Seventeen years ago, at the turn of the millennium, the Dhanua village of Shibpur upazila in Narshingdi district had only two brick buildings - one belonged to the Moulavi Bari and another to the Miah Bari - two of the most well known houses in the village. The rest were made out of corrugated tin, bamboo and straw.
Now, in 2017, nearly 70 percent of the village houses are made of brick. Construction work is going on for roughly another 10 percent. And almost all of these households have at least one family member working in a Middle Eastern country. Some households even have members working in African countries like Swaziland and Kenya.
Thanks to the migrant workers who have left their near and dear ones and taken on jobs as construction workers, cleaners, plumbers, minicab drivers, cooks, helping hands and in other similar professions, these households are able to receive a monthly money transfer - tiny sums by developed country standards, but life transforming for a rural Bangladeshi family.
The life changers
Dhanua is just one of over 87,310 villages of Bangladesh where remittance money has transformed the lives of people. While export earning from RMG has put urban Bangladesh on the track to reaching middle income status, the remittance money injected into rural Bangladesh is making sure the upwards facing ladder stands on a firm structure, not on a bubble.
Most importantly, this remittance money is elevating a huge portion of the rural population from its subsistence state and giving them the taste of a ‘near-standard’ life with increased purchasing capacities.
With the money these workers send back home, households are enlarging their land holdings, starting to grow market crops and hiring others to work in their fields. Some of them are erecting new markets, bringing goods from the towns and selling products that just a decade ago couldn’t be found in even the bigger markets of the Sadar Upazila.
“I found large Golda Chingri (lobster) in the village market of Dhanua and I saw all of them being sold off in front of my eyes only within only 20 to 30 minutes,” said Rashid Uz Zaman, a civil engineer now living in the capital.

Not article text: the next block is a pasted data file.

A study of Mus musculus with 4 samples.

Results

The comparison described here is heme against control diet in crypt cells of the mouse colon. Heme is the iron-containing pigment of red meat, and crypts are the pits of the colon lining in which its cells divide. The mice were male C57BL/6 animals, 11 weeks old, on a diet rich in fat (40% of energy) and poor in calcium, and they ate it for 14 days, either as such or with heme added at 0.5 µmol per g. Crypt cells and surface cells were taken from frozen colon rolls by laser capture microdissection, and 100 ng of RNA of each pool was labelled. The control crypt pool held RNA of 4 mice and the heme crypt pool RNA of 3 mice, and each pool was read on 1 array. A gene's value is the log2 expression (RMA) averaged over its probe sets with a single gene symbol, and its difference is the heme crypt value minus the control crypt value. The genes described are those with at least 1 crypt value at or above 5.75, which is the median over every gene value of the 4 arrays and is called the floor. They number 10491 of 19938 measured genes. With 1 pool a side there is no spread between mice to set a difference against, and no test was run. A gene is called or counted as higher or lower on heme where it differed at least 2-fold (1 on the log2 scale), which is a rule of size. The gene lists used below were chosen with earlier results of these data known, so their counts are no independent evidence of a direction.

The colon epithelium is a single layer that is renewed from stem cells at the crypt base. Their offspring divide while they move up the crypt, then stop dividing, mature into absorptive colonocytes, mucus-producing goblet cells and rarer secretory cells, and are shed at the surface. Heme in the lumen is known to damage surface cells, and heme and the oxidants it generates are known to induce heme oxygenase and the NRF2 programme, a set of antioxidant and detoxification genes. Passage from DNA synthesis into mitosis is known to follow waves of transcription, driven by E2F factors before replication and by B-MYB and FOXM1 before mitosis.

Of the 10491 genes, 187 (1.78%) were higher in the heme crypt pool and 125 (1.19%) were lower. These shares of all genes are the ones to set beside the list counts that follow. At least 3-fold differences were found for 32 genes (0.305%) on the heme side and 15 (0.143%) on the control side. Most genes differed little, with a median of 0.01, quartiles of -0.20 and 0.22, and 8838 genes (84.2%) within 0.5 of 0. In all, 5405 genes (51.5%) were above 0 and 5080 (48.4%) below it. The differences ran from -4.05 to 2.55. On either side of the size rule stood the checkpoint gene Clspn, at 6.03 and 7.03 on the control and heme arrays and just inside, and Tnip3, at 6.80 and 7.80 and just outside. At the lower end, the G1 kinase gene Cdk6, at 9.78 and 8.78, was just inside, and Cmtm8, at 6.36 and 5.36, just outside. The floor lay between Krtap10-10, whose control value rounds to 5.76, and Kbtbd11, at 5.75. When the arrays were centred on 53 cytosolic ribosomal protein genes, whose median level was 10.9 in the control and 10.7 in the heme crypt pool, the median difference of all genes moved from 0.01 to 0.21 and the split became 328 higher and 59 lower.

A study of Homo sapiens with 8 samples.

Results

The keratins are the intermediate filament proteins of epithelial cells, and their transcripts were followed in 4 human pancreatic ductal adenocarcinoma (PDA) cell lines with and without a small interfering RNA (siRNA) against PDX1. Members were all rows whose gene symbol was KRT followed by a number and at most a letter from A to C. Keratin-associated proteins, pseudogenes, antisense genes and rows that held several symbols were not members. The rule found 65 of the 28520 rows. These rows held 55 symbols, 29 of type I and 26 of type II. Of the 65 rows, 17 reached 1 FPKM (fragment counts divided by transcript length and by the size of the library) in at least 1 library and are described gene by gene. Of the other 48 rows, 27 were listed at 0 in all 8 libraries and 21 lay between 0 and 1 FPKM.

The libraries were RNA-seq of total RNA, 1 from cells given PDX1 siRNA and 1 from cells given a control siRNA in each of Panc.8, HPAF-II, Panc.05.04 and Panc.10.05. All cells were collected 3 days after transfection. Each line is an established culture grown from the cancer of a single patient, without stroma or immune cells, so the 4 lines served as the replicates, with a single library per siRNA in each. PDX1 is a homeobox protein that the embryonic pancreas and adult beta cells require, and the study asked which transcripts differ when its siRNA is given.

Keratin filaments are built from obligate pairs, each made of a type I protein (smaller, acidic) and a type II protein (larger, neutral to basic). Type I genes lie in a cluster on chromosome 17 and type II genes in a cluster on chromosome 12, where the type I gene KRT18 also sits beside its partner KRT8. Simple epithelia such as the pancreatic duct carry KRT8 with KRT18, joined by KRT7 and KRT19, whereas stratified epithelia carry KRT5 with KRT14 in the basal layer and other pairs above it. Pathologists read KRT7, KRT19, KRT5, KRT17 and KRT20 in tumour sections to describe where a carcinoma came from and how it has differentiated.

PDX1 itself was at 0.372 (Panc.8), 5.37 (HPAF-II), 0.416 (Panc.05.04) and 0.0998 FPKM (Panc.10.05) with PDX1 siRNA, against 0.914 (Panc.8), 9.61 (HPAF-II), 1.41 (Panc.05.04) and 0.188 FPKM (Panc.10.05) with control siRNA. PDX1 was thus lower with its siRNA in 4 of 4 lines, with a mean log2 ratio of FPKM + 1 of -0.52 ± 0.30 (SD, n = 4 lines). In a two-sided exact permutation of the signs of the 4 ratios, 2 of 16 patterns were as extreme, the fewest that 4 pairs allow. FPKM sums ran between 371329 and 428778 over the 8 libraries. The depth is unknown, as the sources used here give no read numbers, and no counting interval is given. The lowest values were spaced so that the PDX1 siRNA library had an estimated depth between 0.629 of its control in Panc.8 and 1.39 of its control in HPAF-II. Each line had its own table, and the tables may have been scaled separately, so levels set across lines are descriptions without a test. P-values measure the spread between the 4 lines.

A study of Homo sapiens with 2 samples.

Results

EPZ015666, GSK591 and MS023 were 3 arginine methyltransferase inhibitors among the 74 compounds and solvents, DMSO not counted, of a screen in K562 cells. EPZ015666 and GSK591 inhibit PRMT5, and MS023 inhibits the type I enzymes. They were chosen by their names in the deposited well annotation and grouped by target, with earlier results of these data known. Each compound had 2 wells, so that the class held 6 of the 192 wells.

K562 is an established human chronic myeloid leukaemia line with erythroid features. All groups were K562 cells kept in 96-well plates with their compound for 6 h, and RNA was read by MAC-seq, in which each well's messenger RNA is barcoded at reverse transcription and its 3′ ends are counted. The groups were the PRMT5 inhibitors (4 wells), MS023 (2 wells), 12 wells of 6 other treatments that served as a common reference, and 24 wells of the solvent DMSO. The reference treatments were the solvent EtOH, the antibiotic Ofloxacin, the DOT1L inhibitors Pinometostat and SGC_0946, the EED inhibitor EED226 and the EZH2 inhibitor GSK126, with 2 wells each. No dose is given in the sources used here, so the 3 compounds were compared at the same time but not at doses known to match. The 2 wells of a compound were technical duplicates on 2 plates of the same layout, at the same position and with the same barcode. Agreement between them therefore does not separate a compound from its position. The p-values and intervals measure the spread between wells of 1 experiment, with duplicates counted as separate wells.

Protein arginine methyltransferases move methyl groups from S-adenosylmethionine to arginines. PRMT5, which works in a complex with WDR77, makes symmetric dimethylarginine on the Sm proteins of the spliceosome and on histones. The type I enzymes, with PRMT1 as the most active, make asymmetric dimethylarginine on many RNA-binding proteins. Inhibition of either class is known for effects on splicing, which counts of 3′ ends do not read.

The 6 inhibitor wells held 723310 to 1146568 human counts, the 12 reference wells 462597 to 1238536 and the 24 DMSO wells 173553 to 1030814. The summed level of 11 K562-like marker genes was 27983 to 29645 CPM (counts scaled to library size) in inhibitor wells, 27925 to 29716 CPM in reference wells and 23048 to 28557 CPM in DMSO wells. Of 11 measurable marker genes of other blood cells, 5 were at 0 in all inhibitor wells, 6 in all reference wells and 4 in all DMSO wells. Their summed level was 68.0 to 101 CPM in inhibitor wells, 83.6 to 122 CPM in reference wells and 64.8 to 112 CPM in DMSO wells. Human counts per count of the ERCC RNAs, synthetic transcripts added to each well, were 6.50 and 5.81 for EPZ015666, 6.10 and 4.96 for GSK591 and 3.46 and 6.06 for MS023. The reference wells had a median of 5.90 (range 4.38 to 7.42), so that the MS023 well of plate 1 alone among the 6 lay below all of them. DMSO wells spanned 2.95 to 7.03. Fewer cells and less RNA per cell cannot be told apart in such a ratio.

Zaman was born in the famed Dhanua Moulavi Bari and spent his childhood in the village before moving to Dhaka. But because of its proximity, he visits his ancestral home every month.
“I have been an observer of huge changes in my own village. Just 15 years ago, when Moulavi Bari used to distribute Zakaat among the poor, the line used to be hundred metres long. Now it has reduced down to one third of its earlier length.”
That’s not all. The mosque established by Moulavi Bari was the lone mosque in the village for the last four decades. Now Dhanua has four mosques. “Every time, I come to village after one or two months, I see new buildings and new businesses. I am now being served with instant noodles as afternoon snacks in households which earlier had problem of coming up with decent foods three time a day. These inspiring changes are taking place because of remittance money.”
The booster for economy
Since 1976, remittance earnings have been playing a significant role in the economic development of Bangladesh. The role of inward remittance on the economy has, in fact, been gradually increasing during the last two decades.
It is now considered a major influencing factor over the economic policy-making process of our country, since the increasing flow of remittance has been reducing Bangladesh's external aid dependency.
Burdened with overpopulation, Bangladesh has one very important comparative advantage over many other countries in the global market – a huge supply of manpower, which leads to a significant amount of foreign exchange through remittances.
In the outgoing fiscal year, the share of remittances in gross domestic product was 6.7 percent. Remittances have reduced the current account balance and stabilised the balance of payments of the country.
Dr Fahmida Khatun, executive director of Center for Policy Dialogue (CPD), said that migration of labour yields benefits in both recipient and sending countries. Recipient countries can get employment in jobs that locals traditionally do not want to do. For sending countries, movement of people can provide high employment opportunities and contribute to their social and economic development. The income earned by migrants increases welfare of migrant families and strengthens the national economy, she said.
However, development researcher Sajjad Hossain said that remittance earnings cannot be considered a substitute for FDI, but the impact of remittance on poverty reduction in developing countries is notable. The effect of remittance earnings on per capita income also has a direct positive impact on the welfare of households.
“As a poverty alleviating tool, the importance of inward remittances is widely recognised and requires little reiteration. Since the most direct impact of manpower export is on remittance, all policies or initiatives undertaken for furthering manpower export need to be strengthened for increasing the remittance flow.”